Jesse was born in Queens, New York, and raised in New Jersey. His ancestors moved to the US from Poland and Ukraine. His father ran a hospital before moving on to become a college professor. His mother is a professional clown, performing at children's birthday parties. He has two sisters.
He attended East Brunswick High School, but he didn't really enjoy school. From age 10, he performed in children's theater. Jesse had his first professional role in an off-Broadway play, "The Gathering". His first television role came in 1999 with "Get Real" (1999), but the show was canceled in 2000. In his senior year of high school, he landed his first film role in Roger Dodger (2002). He won an award for "Most Promising New Actor" at the San Diego film festival.
Jesse attended the New School University, New York, where he was a liberal arts major, with a focus on Democracy and Cultural Pluralism.
His breakthrough role came in Zombieland (2009). In 2010, he was nominated for Best Actor at the Golden Globes and Academy Awards for his role of Facebook's creator, Mark Zuckerberg, in the film, The Social Network (2010).
Often plays shy, anti-social characters
Often plays neurotic characters
Older brother of Hallie Kate Eisenberg.
Has been playing the drums since he was age 8.
His mother is a professional clown who performed at children's birthday parties in their hometown of East Brunswick, N.J. for 20 years.
Is of Polish descent.
His ancestors came to the US from the Polish city Szczecin. Jesse is fluent in Polish language and visits Poland very often.
Studied at The New School in New York City's Greenwich Village. He applied and was accepted to New York University but declined enrollment to complete a film role.
Very good friends with Andrew Garfield.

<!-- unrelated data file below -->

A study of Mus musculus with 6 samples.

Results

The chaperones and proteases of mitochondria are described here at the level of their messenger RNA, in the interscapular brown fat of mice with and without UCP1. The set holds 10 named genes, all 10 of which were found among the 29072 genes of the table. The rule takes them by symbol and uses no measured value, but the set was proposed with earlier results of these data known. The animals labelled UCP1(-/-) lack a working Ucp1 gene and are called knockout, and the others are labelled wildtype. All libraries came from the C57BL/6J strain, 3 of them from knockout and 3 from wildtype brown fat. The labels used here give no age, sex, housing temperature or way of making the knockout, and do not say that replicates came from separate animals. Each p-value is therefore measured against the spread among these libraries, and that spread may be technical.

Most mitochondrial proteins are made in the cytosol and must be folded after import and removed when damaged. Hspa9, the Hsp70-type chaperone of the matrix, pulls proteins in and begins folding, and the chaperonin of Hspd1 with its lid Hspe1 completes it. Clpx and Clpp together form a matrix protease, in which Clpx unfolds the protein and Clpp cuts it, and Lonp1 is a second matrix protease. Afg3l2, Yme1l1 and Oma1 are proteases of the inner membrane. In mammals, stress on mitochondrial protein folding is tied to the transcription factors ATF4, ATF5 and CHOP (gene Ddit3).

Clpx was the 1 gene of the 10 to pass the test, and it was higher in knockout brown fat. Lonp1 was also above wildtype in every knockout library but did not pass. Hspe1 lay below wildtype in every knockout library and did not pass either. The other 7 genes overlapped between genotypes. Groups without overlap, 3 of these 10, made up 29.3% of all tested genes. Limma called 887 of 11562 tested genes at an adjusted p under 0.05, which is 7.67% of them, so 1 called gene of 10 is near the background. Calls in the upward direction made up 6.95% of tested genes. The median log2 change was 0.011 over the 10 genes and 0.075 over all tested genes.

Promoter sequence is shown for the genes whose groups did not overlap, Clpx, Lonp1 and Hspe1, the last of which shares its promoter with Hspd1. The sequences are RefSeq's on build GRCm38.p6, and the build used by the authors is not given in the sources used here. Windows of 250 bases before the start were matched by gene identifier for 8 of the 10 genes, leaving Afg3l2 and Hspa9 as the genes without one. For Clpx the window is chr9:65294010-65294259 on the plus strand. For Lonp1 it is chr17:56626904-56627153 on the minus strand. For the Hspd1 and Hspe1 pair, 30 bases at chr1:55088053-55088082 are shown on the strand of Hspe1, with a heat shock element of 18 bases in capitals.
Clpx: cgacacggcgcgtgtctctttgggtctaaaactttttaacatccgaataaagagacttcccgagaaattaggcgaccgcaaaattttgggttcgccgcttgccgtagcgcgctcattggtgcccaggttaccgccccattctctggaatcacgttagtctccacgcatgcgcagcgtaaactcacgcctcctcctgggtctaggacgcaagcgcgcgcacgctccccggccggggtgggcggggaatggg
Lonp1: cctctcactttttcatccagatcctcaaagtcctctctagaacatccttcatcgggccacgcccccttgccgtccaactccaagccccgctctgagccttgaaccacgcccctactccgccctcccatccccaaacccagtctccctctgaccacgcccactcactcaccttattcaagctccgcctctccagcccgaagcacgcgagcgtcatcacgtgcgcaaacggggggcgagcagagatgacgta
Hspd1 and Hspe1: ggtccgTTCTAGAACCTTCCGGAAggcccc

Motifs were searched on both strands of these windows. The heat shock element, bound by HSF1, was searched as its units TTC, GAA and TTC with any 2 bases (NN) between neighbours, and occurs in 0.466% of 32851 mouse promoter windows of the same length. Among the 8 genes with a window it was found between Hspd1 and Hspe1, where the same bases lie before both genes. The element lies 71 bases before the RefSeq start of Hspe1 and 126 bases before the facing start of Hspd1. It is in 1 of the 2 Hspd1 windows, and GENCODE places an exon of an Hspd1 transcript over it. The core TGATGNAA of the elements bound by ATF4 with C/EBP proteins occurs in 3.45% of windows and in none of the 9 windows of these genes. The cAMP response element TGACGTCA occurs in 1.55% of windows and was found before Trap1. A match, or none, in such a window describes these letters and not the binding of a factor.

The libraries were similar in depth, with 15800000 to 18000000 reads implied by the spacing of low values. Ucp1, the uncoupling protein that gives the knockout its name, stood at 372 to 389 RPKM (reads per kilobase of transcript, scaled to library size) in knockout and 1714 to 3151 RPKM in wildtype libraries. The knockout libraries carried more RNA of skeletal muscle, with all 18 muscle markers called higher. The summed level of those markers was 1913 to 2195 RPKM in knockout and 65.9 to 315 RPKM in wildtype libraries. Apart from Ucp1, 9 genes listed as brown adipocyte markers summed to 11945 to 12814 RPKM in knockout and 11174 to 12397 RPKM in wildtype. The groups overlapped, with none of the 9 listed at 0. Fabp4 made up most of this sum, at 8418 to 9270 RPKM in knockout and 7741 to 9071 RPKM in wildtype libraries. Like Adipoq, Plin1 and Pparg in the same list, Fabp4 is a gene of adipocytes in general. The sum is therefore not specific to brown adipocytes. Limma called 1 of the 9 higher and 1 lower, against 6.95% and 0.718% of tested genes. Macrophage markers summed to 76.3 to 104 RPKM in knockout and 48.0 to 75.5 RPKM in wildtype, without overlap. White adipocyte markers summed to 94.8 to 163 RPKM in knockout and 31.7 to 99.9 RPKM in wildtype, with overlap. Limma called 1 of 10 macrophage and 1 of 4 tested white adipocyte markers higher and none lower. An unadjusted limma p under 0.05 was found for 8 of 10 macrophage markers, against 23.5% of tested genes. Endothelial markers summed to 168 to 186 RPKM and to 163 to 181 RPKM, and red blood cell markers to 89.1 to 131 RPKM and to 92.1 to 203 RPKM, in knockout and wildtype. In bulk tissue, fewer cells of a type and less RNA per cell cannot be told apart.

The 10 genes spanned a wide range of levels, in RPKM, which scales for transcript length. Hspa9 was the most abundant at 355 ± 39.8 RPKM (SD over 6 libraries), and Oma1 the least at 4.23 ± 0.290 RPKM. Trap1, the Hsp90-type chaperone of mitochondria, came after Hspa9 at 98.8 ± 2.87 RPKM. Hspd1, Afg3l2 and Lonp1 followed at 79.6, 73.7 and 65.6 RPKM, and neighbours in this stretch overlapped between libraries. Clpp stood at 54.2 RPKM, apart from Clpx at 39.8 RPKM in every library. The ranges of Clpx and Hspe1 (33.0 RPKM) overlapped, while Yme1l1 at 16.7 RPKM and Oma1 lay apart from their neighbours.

Good friends with Justin Bartha.
Favorite film is Crimes and Misdemeanors (1989).
Creator of OneUpMe.com - a wordplay website. He also owns Yugoslavio.com.
His character in Zombieland (2009), at one point, expresses relief at not having to update his status on Facebook. Jesse did not know what a Facebook status was until a crew member explained it. The following year, Jesse played Facebook founder, Mark Zuckerberg.
This [The Social Network (2010)] was not the sort of script you improvise on. With Aaron Sorkin, it's immediately clear what the rhythm of the scene is. It's similar to reading Shakespeare. In fact, it's a lot like great theater. I looked at some of the lengthier scenes as if I was doing a play. You find the story arc of the scene, discover different moments, build upon them to make it as rich as possible. [I] reconciled his intense control with his disengagement. He might appear detached and bored, but he's always working to control the entire room.
[My favorite website] is Geosense.net. It's a geography game. They actually kicked me off for writing "Sri Lanka" on their message boards. I guess it's a curse word on there?
[on his future projects]: I'm hoping to do several [sequels to] Rio (2011) - Rios 2 through 10. You know, this movie is so wonderful, and we were wondering where the story might go, because this is the same company that did Ice Age (2002), and we suspected it may have some odd sequels.
[Interview with Stephen Whitty, August, 2011] I have a lot of personal anxieties. And I've realized that playing a character stuck in a life-or-death situation like this allows me to release those anxieties in a very healthful, cathartic way.
I was mugged one night in New York and slammed into a concrete pillar, and I did an interview where I said I completely understand why they attacked me. It was a poor, black neighborhood. Someone sent me an article saying: 'You ignorant idiot. It's more offensive to defend these people. It's more racist to defend them.' He's right, and that is the impetus for the first scene.
There's something strange about theater. My characters consistently demonize elitism, but of course it's taking place in a theater where only so many people can see it. I've been in silly popcorn movies - the kind of thing that as an actor you might feel embarrassed about - but those movies reach many more people. In a play you're basically performing for rich people.